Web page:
Resistance Welding Q&A: Transformer vs. Transgun kVA
Q: I have three different welding machines in my plant along with several robotic transguns. A couple of my machines are 50-kVA press machines and my transguns are 100 kVA. Why can my 50-kVA machines produce up to 35-kA secondary current, but my ...
Q: I have three different welding machines in my plant along with several robotic transguns. A couple of my machines are 50-kVA press machines and my transguns are 100 kVA. Why can my 50-kVA machines produce up to 35-kA secondary current, but my transguns only go as high as 18–20 kA?
Fig. 1 — Picture of resistance welding transformers.
A: This is a great and common question. My first answer is kVA has little to do with how much actual secondary welding current you can get from a given machine or robotic welding gun (transgun).
Since I cannot write a long dissertation on electrical theory here, I am going to do my best to give you the basics and I hope this will help you understand why you are getting more out of your machines with lower kVA ratings than your transguns with higher kVA ratings.
First, let me start with the statement that not all resistance welding (RW) transformers are created equal. There are different model types that were created for different RW applications.
To illustrate this, see Fig. 1, which shows several RW alternating current (AC) welding transformers and medium-frequency direct current (MFDC) power supplies. You can see in the picture that these various models come in all sizes, shapes, and colors, each designed for a specific task/job.
The small silver and green transgun models are designed to be used on transguns and are designed to be small and lightweight. They are rated at 100 kVA at 50% duty cycle.
The large, red AC machine-type transformer is rated at 75 kVA at 50% duty cycle. It is designed to be used in a stand-alone press welding machine and be able to produce high secondary currents for heavy steel and projection welding. The red one weighs more than five times the smaller ones, yet is rated lower in kVA. So once again, I want to stress that kVA rating is not what allows you to get more or less secondary current.
Let’s dig deeper into your specific question of kVA vs. secondary-current output. My first step here is to expose you to Ohm’s Law, which states that E = I × R (E = volts, I = current in amps, R = resistance in Ohm’s). Note: There is Ohm’s Law for AC and Ohm’s Law for DC, but for my basic explanation, we will just use Ohm’s Law for DC — Fig. 2.
Fig. 2 — Ohm’s Law.
The most important thing to understand is that secondary volts and total secondary-circuit resistance or impedance are the most important factors in how much current your transformer can produce. Voltage drives current, not kVA.
The next thing I want to point out is that the welding transformer, size of the secondary circuit, length, material, and cross section of secondary conductors of a transgun or machine, and the resistance of the material you are welding, are all the things that add up to total secondary resistance/impedance. See Fig. 3 for a simple illustration of secondary losses.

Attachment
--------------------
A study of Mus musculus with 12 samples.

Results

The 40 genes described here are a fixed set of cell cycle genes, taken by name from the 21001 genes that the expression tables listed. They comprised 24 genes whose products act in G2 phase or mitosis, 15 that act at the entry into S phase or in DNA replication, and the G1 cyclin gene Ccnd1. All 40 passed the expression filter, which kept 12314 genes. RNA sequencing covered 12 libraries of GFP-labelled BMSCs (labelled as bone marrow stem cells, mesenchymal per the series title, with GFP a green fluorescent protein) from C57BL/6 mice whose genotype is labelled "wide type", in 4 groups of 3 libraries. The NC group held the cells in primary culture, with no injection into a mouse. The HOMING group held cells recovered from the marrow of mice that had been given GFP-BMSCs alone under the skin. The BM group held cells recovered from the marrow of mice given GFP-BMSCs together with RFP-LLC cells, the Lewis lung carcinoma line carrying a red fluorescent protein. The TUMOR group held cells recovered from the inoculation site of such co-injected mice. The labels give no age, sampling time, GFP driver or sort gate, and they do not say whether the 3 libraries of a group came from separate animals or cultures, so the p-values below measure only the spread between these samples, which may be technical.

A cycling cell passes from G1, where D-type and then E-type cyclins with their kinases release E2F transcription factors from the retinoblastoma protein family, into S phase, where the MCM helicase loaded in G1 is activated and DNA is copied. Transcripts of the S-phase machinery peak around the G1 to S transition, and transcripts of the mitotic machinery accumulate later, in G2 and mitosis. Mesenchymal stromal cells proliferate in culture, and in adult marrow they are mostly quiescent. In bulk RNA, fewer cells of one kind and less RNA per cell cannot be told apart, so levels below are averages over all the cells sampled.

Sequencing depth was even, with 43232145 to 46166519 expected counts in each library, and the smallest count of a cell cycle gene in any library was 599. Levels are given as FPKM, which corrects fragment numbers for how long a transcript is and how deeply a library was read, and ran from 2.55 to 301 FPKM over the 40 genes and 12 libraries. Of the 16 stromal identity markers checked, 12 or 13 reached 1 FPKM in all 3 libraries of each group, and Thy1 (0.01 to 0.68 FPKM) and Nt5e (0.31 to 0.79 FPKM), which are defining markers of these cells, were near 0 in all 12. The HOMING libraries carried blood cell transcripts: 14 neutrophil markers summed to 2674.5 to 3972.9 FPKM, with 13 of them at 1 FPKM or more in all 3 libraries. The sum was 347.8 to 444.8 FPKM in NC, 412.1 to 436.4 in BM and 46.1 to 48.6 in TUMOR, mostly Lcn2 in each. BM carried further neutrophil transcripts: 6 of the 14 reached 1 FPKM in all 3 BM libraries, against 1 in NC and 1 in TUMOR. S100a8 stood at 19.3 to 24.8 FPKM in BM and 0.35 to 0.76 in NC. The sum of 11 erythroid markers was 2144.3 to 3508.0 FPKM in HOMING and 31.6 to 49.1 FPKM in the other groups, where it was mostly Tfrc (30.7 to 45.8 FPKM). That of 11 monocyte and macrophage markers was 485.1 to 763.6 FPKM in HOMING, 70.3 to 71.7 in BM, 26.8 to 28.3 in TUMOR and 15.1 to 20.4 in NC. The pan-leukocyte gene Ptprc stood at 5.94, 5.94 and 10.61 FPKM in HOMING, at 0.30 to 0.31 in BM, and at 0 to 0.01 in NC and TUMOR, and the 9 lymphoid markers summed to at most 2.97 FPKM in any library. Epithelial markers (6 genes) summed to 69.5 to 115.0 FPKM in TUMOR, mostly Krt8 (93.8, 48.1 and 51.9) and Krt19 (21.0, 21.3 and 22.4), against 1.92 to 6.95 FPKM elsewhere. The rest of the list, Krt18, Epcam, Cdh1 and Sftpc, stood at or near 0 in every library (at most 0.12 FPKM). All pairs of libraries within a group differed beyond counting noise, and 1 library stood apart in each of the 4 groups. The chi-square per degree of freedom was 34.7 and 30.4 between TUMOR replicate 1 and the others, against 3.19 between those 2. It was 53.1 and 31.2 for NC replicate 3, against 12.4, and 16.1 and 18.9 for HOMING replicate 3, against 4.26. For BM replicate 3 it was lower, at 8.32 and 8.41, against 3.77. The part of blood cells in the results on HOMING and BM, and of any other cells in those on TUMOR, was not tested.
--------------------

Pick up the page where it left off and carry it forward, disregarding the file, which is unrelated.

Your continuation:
Fig. 3 — Illustration of secondary losses.
Let’s try to put all of what we have learned together and answer your question.
The transguns on your robots have smaller transgun-style transformers and lightweight welding guns. Those transformers contain less copper and have higher internal impedance or resistance compared to larger machinetype transformers, which have a lot more copper and much lower internal impedance/resistance. It is also important to note the difference between the actual transgun and a typical RW stand-alone press welding machine. The transgun has smaller cross-section conductors (gun arms), and many are made of aluminum to keep the guns light on the end of the robot. This means higher secondary resistance/ impedance compared to a typical RW press welding machine, which has a large copper bus and copper shunts, which mean a much lower resistance/impedance to current flow.
So now you might ask: What is kVA? kVA is the thermal capacity rating and in the most basic terms, the more kVA you have, the more welds per min you can make at a given secondary voltage, current, and duty cycle.
To sum it all up. The reason your 50-kVA machines will reach higher secondary currents compared to your 100 kVA transguns is due to lower internal resistance/impedance in the physically larger 50-kVA transformers and lower secondary circuit resistance/impedance in the press welding machines. It has nothing to do with the kVA rating, which is only a thermal rating.
This article was written by Don DeCorte, vice president of sales at RoMan Manufacturing Inc., and past chairman of the Resistance Welding Manufacturing Alliance (RWMA). He is also an AWS Life Member, Counselor, past director, and Certified Resistance Welding Technician.
The Resistance Welding Manufacturing Alliance (RWMA), an industry partner of the American Welding Society, is an active network of industry professionals dedicated to the advancement of resistance welding standards and processes.